Preparing a successful application
You should now have a shortlist of colleges that match your needs, interests, and abilities. You should also feel confident that you have the minimum entrance requirements for studying in the United States, and that you can meet the costs of a U.S. undergraduate education. Now it’s time to start putting together your applications. This chapter gives practical information and advice to help you make successful applications to the colleges of your choice. The entire application process, from obtaining initial information to applying for your student visa, should begin 12 to 18 months in advance of when you want to go the United States.
Requesting Application Materials
If you have access to the Internet, you will find that many U.S. universities also put their college catalogs onto their Web sites, and some have even stopped printing paper copies. Many also have on-line application forms that can be completed on the computer and sent back to the university electronically, or the forms can be downloaded and printed. If there is an on-line application, you should use it. This is the quickest method for submitting your application. If you can download the application, appropriate parts of the catalog, and other information from a college’s Web site, you will not need to contact the school directly.
Completing and Returning the Application Materials
Once you have received information from the colleges, read everything thoroughly. Most schools require similar information, but they may ask for it in different ways. You will usually be asked to provide the following items:
Your application form should be neat and clear to create a good impression.
Almost all universities charge a non-refundable application fee that covers the cost of processing your application. It must be paid in U.S. dollars either by a dollar check drawn on a U.S. bank or an international money order obtainable from banks or American Express offices.
In addition to a transcript, you must also send certified copies of the originals of secondary school diplomas, certificates, final examination results, or records of your performance in any national or leaving examinations administered in your home country. Do not send original documents unless there is no alternative; usually they cannot be returned. Copies should be certified with an official seal from the school, or certified by a public official authorized to certify such documents. If English translations are necessary, you may use the services of a professional translator.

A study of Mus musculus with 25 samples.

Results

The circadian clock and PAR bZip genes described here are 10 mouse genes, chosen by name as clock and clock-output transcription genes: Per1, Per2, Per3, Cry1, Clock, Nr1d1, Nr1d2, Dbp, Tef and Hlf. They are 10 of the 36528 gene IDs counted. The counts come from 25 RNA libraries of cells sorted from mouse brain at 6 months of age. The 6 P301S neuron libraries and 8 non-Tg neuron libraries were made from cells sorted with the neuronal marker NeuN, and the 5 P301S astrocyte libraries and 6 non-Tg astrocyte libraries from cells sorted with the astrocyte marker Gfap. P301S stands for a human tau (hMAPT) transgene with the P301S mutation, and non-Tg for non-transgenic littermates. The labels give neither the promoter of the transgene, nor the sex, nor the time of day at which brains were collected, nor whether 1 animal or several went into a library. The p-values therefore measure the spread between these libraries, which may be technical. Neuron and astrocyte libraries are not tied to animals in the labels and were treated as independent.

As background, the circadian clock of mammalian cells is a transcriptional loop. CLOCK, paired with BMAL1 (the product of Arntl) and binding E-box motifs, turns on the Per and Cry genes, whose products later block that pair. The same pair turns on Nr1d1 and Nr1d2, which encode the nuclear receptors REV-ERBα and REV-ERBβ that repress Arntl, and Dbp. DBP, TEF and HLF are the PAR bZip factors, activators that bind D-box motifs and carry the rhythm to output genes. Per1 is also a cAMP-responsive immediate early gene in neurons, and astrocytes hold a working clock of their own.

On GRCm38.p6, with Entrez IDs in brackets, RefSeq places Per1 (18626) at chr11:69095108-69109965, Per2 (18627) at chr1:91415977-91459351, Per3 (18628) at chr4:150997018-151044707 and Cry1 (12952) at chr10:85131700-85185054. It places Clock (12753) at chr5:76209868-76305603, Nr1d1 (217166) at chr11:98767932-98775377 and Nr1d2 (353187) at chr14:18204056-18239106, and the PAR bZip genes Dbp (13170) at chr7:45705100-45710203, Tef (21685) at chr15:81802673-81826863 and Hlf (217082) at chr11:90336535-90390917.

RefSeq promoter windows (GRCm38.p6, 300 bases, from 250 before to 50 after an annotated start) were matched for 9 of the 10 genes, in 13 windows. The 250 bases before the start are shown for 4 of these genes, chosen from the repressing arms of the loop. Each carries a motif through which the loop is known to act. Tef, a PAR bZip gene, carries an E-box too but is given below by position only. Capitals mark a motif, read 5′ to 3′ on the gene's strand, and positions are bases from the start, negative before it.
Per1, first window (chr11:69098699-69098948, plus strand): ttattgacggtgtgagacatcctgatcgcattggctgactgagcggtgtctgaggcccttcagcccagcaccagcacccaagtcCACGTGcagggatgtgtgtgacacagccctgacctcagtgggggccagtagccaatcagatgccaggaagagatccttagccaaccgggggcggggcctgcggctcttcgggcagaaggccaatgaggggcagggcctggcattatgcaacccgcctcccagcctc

Test Score Reporting
When you apply to take the SAT I or SAT II, TOEFL, or other examinations, you should know which universities you wish to apply to.
Many schools ask applicants to submit a written personal statement or essay as part of the admissions process. When university admissions officers read this part of the application, they may look to see whether the student can contribute to the school and if the school can meet his or her needs. The personal statement gives universities a chance to get a personal glimpse of you, an insight that is not possible in the grades and numbers that make up the rest of your application.
Most universities include a form called a “Declaration and Certification of Finances” or “Affidavit of Financial Support” in their application packets. This must be signed by your parents or whoever is meeting your college expenses, and must be certified by a bank or lawyer. Keep a copy of this form since you will also need it to apply for your student visa. Schools usually need to know that you have at least the first year’s expenses covered, although many may also ask you to indicate your source of income for the entire period of study. If you know when you apply that you will need some form of assistance from the college, indicate how much you plan to request from the university. Many U.S. universities operate a needs-blind admissions policy. This means that your financial position is not a consideration in the decision whether to grant you admission. Please note, however, that the university will issue the relevant certificate of eligibility for a student visa only if you are able to document fully your source(s) of income.
Deadlines and Submission
Each university sets its own deadline date, and it is usually firm about not accepting applications after that time, particularly if a college is very popular. Deadlines usually fall between January and March, although they can be as early as November or as late as June.
Common Application Form
This standardized application form is available on the Web at http://www.commonapp.org, and is used by over 130 colleges and universities.
If you plan to begin studies in September, you should hear from the colleges you applied to by mid-April of that year.